Biomarkers of chronic fluoride exposure in groundwater in a highly exposed population

Tewodros Rango, Avner Vengosh, Marc Jeuland, Gary M. Whitford, Redda Tekle-Haimanot

Research output: Contribution to journalArticle

16 Citations (Scopus)

Abstract

This study examined the relation between fluoride (F) concentrations in fingernail clippings and urine and the prevalence and severity of enamel fluorosis (EF) among Ethiopian Rift Valley populations exposed to high levels of F in drinking water. The utility of fingernail clippings as a biomarker for F exposure and EF was also assessed for the first time in a high-F region. The study recorded the EF status of 386 individuals (10 to 50 years old), who consume naturally contaminated groundwater with widely varying F concentration (0.6–15 mg/L). The mean F concentrations among residents of communities with primary reliance on groundwater were 5.1 mg/kg (range: 0.5–34 mg/kg) in fingernails and 8.9 mg/L (range: 0.44–34 mg/L) in urine. We show strong positive correlations between F in drinking water and 12-hour urinary excretion (r = 0.74, p < 0.001, n = 287), fingernail F content (r = 0.6, p < 0.001, n = 258), and mean individual measures of EF severity as measured using the Thylstrup and Fejerskov (TF) Index (r = 0.42, p < 0.001, n = 316). The data indicate that both fingernail and urine measures are good biomarkers for F exposure and EF outcomes, the latter being slightly more sensitive. Cases of moderate/severe EF were significantly more common among younger subjects (10 to 15 years old) than older subjects (mostly > 25 years old) (p < 0.001), consistent with their greater exposure to F during early childhood, which is the only period of life the enamel is at risk of fluorosis. In this younger population, EF may be useful as a biomarker for identifying individuals with other potential health effects that depend on a specific age window of susceptibility. The finding of exceptionally high F concentrations in water, fingernail clippings and urine in this region should motivate further investigations of other potential health consequences such as bone disease and abnormalities in the function of the neurological and endocrine systems.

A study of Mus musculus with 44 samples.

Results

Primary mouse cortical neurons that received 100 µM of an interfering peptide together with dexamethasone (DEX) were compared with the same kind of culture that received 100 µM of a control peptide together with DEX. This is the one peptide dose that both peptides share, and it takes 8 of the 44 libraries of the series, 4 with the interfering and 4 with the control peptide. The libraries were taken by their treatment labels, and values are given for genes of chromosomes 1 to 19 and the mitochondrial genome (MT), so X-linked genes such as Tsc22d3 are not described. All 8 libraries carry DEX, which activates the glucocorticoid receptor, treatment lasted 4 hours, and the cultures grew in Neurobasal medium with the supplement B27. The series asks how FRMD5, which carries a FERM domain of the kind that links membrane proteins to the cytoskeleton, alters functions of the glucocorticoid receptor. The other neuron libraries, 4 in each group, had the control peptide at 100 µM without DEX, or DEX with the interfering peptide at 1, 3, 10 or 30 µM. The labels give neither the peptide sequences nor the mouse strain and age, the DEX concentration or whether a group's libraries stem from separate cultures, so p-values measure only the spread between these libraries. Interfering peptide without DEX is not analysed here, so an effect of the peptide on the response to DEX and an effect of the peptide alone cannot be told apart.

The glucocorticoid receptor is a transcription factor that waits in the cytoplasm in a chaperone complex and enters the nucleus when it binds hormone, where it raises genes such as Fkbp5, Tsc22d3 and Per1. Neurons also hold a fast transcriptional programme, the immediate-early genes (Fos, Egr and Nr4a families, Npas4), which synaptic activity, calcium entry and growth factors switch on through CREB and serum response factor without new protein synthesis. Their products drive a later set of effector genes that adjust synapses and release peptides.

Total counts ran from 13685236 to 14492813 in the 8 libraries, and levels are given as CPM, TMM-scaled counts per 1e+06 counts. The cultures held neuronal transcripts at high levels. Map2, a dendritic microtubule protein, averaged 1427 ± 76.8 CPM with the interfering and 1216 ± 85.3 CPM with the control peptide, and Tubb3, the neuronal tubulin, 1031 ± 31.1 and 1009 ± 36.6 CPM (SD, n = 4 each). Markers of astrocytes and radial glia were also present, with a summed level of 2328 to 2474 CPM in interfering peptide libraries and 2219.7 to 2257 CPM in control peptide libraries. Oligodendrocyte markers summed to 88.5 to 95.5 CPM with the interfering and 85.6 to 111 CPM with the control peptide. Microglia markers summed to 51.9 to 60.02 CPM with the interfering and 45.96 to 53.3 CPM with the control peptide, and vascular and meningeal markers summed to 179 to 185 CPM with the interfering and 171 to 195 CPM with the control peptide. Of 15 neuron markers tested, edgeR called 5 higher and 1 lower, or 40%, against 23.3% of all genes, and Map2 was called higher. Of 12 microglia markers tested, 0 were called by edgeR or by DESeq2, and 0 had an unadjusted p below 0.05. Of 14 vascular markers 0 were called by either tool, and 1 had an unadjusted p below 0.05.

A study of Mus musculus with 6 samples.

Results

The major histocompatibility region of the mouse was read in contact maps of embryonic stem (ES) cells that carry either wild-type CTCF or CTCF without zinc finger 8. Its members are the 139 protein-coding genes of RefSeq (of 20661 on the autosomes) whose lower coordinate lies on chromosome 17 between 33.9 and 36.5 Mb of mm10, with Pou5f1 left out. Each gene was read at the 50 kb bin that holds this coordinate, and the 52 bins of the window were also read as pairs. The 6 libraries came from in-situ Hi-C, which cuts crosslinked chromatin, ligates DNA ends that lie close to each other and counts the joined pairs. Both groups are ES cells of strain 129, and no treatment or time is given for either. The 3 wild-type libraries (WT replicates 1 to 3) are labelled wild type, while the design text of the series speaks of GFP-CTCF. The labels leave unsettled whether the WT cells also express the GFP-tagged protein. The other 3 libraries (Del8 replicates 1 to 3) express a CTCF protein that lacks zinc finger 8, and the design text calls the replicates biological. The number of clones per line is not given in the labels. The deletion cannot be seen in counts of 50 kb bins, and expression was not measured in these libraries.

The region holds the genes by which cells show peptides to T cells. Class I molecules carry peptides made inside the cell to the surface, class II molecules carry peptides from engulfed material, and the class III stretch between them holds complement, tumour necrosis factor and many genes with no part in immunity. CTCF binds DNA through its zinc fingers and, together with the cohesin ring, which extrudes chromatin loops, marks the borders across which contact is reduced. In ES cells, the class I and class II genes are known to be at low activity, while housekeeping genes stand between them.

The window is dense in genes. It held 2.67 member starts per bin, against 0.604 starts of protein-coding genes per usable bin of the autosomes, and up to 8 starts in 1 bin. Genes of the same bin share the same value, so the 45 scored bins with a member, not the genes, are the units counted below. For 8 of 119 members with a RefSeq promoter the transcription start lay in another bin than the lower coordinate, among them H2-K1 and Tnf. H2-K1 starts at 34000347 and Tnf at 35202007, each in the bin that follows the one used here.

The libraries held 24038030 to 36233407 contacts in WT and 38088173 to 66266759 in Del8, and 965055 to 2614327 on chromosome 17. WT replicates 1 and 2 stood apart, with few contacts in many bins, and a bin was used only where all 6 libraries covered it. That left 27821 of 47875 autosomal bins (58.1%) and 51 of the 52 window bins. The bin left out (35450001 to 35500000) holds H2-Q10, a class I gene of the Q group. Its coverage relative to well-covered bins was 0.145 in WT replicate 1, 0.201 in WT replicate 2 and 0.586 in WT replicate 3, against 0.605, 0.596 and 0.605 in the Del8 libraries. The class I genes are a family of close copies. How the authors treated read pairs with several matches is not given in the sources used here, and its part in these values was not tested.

Original languageEnglish (US)
Pages (from-to)1-11
Number of pages11
JournalScience of the Total Environment
Volume596-597
DOIs
StatePublished - Oct 15 2017

Enamels
Biomarkers
Fluorides
fluoride
biomarker
Groundwater
clipping
groundwater
urine
Potable water
Drinking Water
drinking water
Health
F region
endocrine system
young population
abnormality
rift zone
excretion

Keywords

  • Biomarkers
  • East Africa
  • Enamel fluorosis
  • Exposure timing
  • Water quality

ASJC Scopus subject areas

  • Environmental Engineering
  • Environmental Chemistry
  • Waste Management and Disposal
  • Pollution

Cite this

Biomarkers of chronic fluoride exposure in groundwater in a highly exposed population. / Rango, Tewodros; Vengosh, Avner; Jeuland, Marc; Whitford, Gary M.; Tekle-Haimanot, Redda.

In: Science of the Total Environment, Vol. 596-597, 15.10.2017, p. 1-11.

Research output: Contribution to journalArticle

Rango, Tewodros ; Vengosh, Avner ; Jeuland, Marc ; Whitford, Gary M. ; Tekle-Haimanot, Redda. / Biomarkers of chronic fluoride exposure in groundwater in a highly exposed population. In: Science of the Total Environment. 2017 ; Vol. 596-597. pp. 1-11.